Both New Jersey and California DOJ have put out Directives/Legal Alerts instructing the Issuing Authorities in their respective states that the Good Cause no longer applies. That will make it less difficult in these two states but not a walk in the park. Handgunlaw.us believes that the May Issue states will change their statutes/rules removing the Just Cause but they will make it as difficult and Expensive as they can. They will most likely drag their feet in doing so. We also believe they will expand their list of places off limits the same as DC did when they were forced to go Shall Issue.
Link to CA Legal Alert - https://oag.ca.gov/system/files/media/legal-alert-oag-2022-02.pdf
Link to NJ Directive - https://www.nj.gov/oag/dcj/agguide/...ements For Carrying Of Firearms In Public.pdf
You should read all the SCOTUS Opinion. There are some really good things in there about your rights and issuing permits etc. One example at the bottom of Page 36 of SCOTUS Ruling are footnotes (Bold mine) that state the following:
9To be clear, nothing in our analysis should be interpreted to suggest the unconstitutionality of the 43 States’ “shall-issue” licensing regimes, under which “a general desire for self-defense is sufficient to obtain a [permit].” Drake
, 724 F. 3d 426, 442 (CA3 2013) (Hardiman, J., dissenting). Because these licensing regimes do not require applicants to show an atypical need for armed self-defense, they do not necessarily prevent “law-abiding, responsible citizens” from exercising their Second Amendment right to public carry. District of Columbia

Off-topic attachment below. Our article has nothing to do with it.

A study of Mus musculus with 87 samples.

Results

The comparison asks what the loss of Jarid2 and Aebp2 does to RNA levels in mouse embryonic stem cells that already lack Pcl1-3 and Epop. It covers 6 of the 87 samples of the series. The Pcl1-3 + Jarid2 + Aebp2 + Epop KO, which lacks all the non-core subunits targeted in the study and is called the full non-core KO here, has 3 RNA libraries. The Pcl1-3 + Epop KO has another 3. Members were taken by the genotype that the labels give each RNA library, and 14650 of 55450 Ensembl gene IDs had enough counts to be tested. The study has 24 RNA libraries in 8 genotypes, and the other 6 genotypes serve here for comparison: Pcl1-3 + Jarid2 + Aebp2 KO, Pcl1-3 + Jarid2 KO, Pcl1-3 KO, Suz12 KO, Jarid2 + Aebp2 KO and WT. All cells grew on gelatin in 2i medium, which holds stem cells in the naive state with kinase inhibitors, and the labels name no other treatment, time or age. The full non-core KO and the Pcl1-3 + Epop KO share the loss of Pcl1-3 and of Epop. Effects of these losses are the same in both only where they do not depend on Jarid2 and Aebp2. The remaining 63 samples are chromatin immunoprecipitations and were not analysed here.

U. S. 570, 635 (2008). Rather, it appears that these shall-issue regimes, which often require applicants to undergo a background check or pass a firearms safety course, are designed to ensure only that those bearing arms in the jurisdiction are, in fact, “law-abiding, responsible citizens.” Ibid.
And they likewise appear to contain only “narrow, objective, and definite standards” guiding licensing officials, Shuttlesworth
, 394 U. S. 147, 151 (1969), rather than requiring the “appraisal of facts, the exercise of judgment, and the formation of an opinion,” Cant-well
, 310 U. S. 296, 305 (1940)—features that typify proper-cause standards like New York’s. That said, because any permitting scheme can be put toward abusive ends, we do not rule out constitutional challenges to shall-issue regimes where, for example, lengthy wait times in processing license applications or exorbitant fees deny ordinary citizens their right to public carry.